C-VILLE Weekly reporter Samantha Baars was subpoenaed on March 12, 2018 to testify in the trial of Unite the Right organizer Jason Kessler. The subpoena was quashed on March 20.
Baars told Freedom of the Press Foundation that a deputy served her the subpoena on March 16, while she was at the Charlottesville General District Court to cover a different trial. The subpoena ordered her to appear in court on March 20, the day of Kessler’s perjury trial.
Kessler, who co-organized the Unite the Right rally in Charlottesville in 2017, was charged with one count of perjury for allegedly lying on a criminal complaint that he had filed with the magistrate at the Albemarle Charlottesville Regional Jail. In the complaint, Kessler said he was assaulted by Jay Taylor. Video evidence later showed that Taylor did not assault Kessler.
Baars said that James West, her attorney, filed a motion to quash the subpoena just minutes before the clerk’s office closed on March 19. Judge Cheryl Higgins granted the motion following morning on March 20, just before jury selection began for Kessler’s perjury trial.
Baars isn’t sure why she was subpoenaed, but she said that Kessler’s attorney, Mike Hallahan, told her that he intended to use her testimony to impeach Jay Taylor, the man that Kessler accused of assault. Baars interviewed Taylor for an article about Kessler’s assault claims published on Oct. 10, 2017.
“During my motions hearing, when Albemarle Circuit Court Judge Cheryl Higgins asked him what questions he intended to ask me, he said it depended on Taylor’s testimony,” she said.
Hallahan, Kessler’s attorney, did not immediately respond to a request for comment.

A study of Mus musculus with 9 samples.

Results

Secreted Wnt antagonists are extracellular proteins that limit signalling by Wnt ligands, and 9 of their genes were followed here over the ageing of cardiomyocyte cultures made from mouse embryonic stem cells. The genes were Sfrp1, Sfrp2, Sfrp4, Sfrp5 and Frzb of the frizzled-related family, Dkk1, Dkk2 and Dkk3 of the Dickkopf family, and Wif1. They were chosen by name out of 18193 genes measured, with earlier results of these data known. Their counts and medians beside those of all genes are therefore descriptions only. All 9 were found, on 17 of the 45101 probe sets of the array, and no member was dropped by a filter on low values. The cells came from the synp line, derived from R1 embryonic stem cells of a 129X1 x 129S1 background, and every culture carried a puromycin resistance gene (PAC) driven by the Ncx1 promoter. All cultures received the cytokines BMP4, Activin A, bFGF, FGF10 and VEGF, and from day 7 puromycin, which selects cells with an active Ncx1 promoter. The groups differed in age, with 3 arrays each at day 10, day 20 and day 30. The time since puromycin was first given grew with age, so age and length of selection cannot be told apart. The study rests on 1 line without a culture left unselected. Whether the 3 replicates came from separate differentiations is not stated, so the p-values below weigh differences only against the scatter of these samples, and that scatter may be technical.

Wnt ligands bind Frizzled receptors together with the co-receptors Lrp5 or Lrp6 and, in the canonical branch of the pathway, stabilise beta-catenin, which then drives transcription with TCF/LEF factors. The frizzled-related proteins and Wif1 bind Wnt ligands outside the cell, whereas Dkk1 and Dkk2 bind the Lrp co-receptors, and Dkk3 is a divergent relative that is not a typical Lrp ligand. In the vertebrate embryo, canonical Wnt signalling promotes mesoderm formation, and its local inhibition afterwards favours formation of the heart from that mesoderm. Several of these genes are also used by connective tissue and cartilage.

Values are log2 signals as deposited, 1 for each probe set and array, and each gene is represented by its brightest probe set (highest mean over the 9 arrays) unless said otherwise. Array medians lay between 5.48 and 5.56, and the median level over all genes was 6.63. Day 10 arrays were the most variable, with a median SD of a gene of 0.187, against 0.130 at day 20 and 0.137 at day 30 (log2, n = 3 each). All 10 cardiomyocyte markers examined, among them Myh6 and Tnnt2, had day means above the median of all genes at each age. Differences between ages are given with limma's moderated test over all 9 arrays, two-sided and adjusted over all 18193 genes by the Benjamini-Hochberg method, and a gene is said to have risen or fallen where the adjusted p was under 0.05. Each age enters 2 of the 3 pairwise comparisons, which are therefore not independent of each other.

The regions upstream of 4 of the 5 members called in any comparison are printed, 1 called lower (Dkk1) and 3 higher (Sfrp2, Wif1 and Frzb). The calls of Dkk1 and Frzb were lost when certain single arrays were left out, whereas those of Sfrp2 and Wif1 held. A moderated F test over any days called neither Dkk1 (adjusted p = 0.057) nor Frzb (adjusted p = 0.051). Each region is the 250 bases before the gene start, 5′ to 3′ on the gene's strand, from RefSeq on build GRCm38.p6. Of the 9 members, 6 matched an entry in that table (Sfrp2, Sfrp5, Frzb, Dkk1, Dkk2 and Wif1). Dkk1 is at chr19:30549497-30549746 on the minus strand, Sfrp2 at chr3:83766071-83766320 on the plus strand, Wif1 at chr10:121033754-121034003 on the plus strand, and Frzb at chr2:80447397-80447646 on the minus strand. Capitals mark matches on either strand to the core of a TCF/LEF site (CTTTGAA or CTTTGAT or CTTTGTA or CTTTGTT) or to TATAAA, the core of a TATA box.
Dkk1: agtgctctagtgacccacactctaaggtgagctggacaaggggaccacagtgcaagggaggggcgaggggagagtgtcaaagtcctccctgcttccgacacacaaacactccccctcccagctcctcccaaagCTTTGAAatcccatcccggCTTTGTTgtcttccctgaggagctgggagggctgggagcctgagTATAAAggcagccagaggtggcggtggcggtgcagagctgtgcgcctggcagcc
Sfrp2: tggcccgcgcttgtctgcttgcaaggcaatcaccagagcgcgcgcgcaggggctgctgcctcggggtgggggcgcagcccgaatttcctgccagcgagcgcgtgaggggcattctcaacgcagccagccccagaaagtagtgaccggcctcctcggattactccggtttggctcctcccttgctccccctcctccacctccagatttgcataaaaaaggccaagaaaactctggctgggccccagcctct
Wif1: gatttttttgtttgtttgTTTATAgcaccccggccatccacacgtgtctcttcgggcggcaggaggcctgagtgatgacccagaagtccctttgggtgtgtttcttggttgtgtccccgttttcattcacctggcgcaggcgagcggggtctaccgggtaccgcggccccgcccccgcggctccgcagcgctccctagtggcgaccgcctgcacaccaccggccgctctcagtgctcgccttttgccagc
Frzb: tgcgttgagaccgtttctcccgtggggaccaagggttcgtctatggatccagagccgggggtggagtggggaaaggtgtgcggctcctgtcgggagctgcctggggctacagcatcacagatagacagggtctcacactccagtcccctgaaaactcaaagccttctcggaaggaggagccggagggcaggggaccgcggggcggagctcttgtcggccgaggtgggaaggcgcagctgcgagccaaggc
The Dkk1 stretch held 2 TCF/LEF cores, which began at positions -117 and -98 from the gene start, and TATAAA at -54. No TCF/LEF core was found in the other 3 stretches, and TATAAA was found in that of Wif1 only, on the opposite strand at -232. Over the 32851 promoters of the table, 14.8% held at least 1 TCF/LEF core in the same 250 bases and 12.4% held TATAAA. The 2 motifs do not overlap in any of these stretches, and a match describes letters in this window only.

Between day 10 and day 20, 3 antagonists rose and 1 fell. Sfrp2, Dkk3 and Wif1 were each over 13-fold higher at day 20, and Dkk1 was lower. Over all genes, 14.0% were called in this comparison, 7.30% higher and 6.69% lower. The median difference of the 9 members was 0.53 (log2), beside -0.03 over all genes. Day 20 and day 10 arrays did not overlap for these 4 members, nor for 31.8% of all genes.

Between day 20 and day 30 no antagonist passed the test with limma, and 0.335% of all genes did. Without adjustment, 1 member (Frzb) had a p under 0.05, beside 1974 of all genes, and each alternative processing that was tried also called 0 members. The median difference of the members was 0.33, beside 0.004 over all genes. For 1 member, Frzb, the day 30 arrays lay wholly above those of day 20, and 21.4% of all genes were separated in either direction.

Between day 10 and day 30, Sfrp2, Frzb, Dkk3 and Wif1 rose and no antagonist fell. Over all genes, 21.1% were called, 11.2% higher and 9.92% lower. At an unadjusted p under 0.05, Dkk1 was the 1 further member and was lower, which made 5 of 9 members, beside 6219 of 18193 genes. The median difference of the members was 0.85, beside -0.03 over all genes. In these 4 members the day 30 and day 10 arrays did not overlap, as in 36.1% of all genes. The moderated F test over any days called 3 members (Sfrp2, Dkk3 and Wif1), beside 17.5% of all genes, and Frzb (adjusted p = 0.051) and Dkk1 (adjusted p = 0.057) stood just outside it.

Baars said that allowing the subpoena to proceed would have adversely impacted her newsroom.
“We have a two-man news team here at C-VILLE Weekly, and our other reporter (news editor Lisa Provence) had a different trial to cover that day,” she told Freedom of the Press Foundation. “I was assigned to cover Jason Kessler’s perjury trial, so If I had been sequestered in the witness room, I wouldn’t have been able to do my job.”
Once the subpoena was quashed, Baars was able cover Kessler’s perjury trial, which lasted less than a day and resulted in the dismissal of the perjury charge against Kessler.
Baars said that since receiving the subpoena, she has started to question which of her sentences or paragraphs could provoke an attorney to call her to the witness stand.
“That’s not something I should have to worry about when doing my job,” she said. “If reporters are regularly subpoenaed to testify in court, people could begin to perceive us as an investigative arm of the government. When I’m out reporting, I don’t want to be thinking about what I could be called to testify about in court, and I don’t want that to make potential sources more reluctant to talk to reporters.”